Brides Gone Wild, Grooms Gone Mild

Call it "Bachelorettes Gone Wild." While grooms are tempering their stag night shenanigans, brides-to-be are kicking stuffy traditions to the curb and getting rowdy to celebrate the end of their single lives.

"It was a blast," Margie Parsons, of Huber Heights, Ohio, said of her bachelorette party at a strip club. "I got handcuffed to the stage and two women gave me a lap dance."

Parsons' escapades do not surprise Kevin Cornell, who works as an exotic dancer in Chippendales' "Ultimate Girl's Night Out" male revue at Harrah's Rio All-Suite Hotel & Casino in Las Vegas.


Cornell, who has been dancing with Chippendales for six years, points out that Harrah's built a custom theater for the show and signed the hunks to a 10-year contract — a kind of deal unheard of in Vegas just a decade ago.

And 10 years is a long time for a guy who faces throngs of boozy bachelorette parties each night. Cornell says packs of lascivious ladies have scratched him, pulled his hair and even bitten him on the backside — bawdy behavior that is fueled by the consumption of an astounding amount of alcohol.

"Sometimes they don't even make it through the entire show, and the show's only an hour and a half long," he said.

April Masini, author of "Think & Date Like a Man," says part of the reason for the change is that the women's liberation movement, for better or worse, has changed the meaning of marriage.

"It used to be seen as women were not giving anything up when they got married; they were gaining a husband," Masini said. "But now it's seen as their last hurrah because they're giving up their single life instead."

Masini, who offers dating advice on her Web site, says as gender roles have equalized in the minds of many Americans, women feel more comfortable acting up. But what about the guys?

"I think that men have become more conservative than women," Masini said. "I can tell you just from questions I get on my site there are more women having affairs than men and there are more men getting dumped by women. ... Women have less reasons to get married or remain in a marriage than they ever did before."

A 2005 survey revealed that 55 percent of brides-to-be said the tone of their bachelorette parties was "girls gone wild." Almost half said their parties went on for more than a single evening.

Meanwhile, the guys are just chilling out.

"Men are reining it in," Senior Editor Marilyn Oliveria said. "They're doing things like a golf weekend or some sort of sporting event or going to Vegas for the weekend."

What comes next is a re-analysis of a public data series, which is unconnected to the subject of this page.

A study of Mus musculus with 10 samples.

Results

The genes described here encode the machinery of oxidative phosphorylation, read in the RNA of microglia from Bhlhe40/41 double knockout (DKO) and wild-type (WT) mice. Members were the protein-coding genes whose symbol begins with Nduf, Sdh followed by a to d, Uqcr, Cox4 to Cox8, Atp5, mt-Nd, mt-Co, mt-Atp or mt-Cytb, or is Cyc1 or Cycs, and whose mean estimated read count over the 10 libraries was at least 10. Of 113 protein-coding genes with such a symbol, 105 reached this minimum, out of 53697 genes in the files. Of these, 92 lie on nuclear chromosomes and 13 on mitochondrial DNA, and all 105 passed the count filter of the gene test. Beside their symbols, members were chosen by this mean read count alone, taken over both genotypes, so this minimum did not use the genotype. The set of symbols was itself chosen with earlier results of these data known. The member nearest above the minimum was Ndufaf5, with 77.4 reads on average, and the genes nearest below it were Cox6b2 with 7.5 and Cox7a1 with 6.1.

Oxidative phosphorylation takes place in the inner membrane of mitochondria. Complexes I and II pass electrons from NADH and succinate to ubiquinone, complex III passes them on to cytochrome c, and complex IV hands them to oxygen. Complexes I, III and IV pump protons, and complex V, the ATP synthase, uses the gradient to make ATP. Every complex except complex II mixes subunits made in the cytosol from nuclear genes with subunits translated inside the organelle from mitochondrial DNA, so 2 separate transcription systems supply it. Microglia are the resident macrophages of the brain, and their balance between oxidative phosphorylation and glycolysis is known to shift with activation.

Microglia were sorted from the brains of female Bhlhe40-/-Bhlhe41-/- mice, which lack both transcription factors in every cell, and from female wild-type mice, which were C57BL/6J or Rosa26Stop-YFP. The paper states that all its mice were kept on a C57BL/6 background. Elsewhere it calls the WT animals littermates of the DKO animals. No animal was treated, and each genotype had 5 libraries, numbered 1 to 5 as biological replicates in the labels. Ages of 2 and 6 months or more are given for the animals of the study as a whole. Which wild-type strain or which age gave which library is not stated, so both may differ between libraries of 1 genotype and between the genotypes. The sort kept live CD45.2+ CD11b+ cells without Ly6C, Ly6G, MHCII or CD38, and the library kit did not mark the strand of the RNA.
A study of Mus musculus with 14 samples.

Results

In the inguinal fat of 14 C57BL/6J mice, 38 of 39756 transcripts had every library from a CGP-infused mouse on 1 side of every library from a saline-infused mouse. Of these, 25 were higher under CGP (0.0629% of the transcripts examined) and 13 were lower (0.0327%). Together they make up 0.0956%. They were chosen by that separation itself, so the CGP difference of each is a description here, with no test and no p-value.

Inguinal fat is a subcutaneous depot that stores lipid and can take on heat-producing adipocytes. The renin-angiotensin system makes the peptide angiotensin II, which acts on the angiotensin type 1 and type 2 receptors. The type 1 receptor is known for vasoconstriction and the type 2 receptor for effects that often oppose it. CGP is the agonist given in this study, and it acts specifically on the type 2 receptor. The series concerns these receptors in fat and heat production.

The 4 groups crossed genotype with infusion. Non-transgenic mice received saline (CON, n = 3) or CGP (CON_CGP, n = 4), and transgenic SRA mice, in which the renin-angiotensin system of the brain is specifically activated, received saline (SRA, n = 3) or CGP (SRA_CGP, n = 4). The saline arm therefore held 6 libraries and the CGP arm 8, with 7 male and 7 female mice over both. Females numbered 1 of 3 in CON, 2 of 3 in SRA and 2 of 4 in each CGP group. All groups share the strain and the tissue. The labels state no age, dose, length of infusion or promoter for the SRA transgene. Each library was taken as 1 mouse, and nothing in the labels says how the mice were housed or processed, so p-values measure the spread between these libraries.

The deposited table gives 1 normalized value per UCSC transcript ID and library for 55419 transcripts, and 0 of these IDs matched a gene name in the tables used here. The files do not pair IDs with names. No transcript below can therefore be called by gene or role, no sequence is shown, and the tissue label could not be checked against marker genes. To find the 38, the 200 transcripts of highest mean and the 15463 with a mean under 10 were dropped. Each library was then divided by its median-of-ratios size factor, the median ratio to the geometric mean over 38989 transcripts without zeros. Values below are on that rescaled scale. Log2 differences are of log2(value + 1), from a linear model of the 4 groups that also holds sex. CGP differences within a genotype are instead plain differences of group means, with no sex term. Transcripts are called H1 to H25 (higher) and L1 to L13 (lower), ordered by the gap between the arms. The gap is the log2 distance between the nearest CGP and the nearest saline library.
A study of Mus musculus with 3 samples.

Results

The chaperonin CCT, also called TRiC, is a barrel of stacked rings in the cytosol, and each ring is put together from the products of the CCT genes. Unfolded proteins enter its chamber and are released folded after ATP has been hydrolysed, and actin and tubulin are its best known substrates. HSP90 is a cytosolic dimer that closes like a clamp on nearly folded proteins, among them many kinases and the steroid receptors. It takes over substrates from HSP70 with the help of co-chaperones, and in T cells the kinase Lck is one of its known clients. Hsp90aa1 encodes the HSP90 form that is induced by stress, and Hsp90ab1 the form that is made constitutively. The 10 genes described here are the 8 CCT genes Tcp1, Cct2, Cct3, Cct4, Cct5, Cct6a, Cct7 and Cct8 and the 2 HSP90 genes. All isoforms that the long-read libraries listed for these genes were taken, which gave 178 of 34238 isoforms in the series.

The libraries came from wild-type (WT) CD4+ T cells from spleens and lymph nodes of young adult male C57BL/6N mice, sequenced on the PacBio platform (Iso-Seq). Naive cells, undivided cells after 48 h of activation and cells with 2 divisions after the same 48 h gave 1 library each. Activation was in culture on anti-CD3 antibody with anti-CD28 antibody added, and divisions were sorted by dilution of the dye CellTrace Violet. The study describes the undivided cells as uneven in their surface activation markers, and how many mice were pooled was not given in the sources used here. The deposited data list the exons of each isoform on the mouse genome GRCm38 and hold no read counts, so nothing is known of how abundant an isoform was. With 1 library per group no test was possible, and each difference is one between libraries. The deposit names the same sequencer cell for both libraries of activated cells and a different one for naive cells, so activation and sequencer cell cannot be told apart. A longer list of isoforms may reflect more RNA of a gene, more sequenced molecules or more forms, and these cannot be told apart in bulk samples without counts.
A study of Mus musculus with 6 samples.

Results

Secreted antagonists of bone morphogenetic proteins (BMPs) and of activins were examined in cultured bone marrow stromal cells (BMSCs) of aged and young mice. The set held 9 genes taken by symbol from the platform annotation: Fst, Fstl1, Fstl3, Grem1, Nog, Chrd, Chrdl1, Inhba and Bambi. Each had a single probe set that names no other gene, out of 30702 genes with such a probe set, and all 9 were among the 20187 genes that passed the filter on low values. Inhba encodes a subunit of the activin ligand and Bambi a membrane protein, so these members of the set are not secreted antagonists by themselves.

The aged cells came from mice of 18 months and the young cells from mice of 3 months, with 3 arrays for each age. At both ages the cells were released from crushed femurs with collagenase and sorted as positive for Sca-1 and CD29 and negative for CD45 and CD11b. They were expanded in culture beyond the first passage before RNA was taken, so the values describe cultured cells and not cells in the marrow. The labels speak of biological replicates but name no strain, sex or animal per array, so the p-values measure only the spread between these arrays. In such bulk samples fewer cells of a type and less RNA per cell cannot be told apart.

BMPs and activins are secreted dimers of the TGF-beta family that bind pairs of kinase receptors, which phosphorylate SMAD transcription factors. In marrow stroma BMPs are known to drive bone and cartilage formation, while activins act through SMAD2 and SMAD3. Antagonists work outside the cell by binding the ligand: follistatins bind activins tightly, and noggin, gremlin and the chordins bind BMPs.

Liz Seccuro, creative director of Dolce Parties, agrees. She says her clients of both sexes are looking to more modern, formal wedding parties that can include co-workers or friends from work or school.

"The days of the 'girls' sitting around eating tea sandwiches or the 'boys' running off to strip clubs are quickly becoming obsolete as couples are marrying later in life," Seccuro said.

In fact, some of the recent showers she has planned have been joint bachelor-bachelorette events.

Seccuro says co-ed friendly events, like wine country bike tours, cooking classes and even golf outings are among the innovative parties some of her recent clients have requested.

"Whereas the notion of the good old-fashioned stag party will never go away, we are doing it more stylishly," Seccuro said. "It's the same sentiment and feeling of toasting away the bachelor's single life. And I think guys, too, want some time to pamper themselves, whether it is great food or great wine or a golf outing."

And what men aren't spending on sordid soirées can mean big bucks for some businesses.

The Ritz-Carlton Lodge in Greensboro, Ga., for example, offers a "Southern gentlemen's package," which includes skeet shooting, rounds of golf, quail or turkey hunting trips, bass fishing, treatments at the hotel spa, steak dinners and complimentary cigars and cognac. The price: $875 per evening, with a three-day minimum stay.

But Cornell thinks today's guys are just too lazy to get wild.

"I think women are having a lot more fun than the guys are these days," he said. "They're just putting way more effort into these parties than the guys are."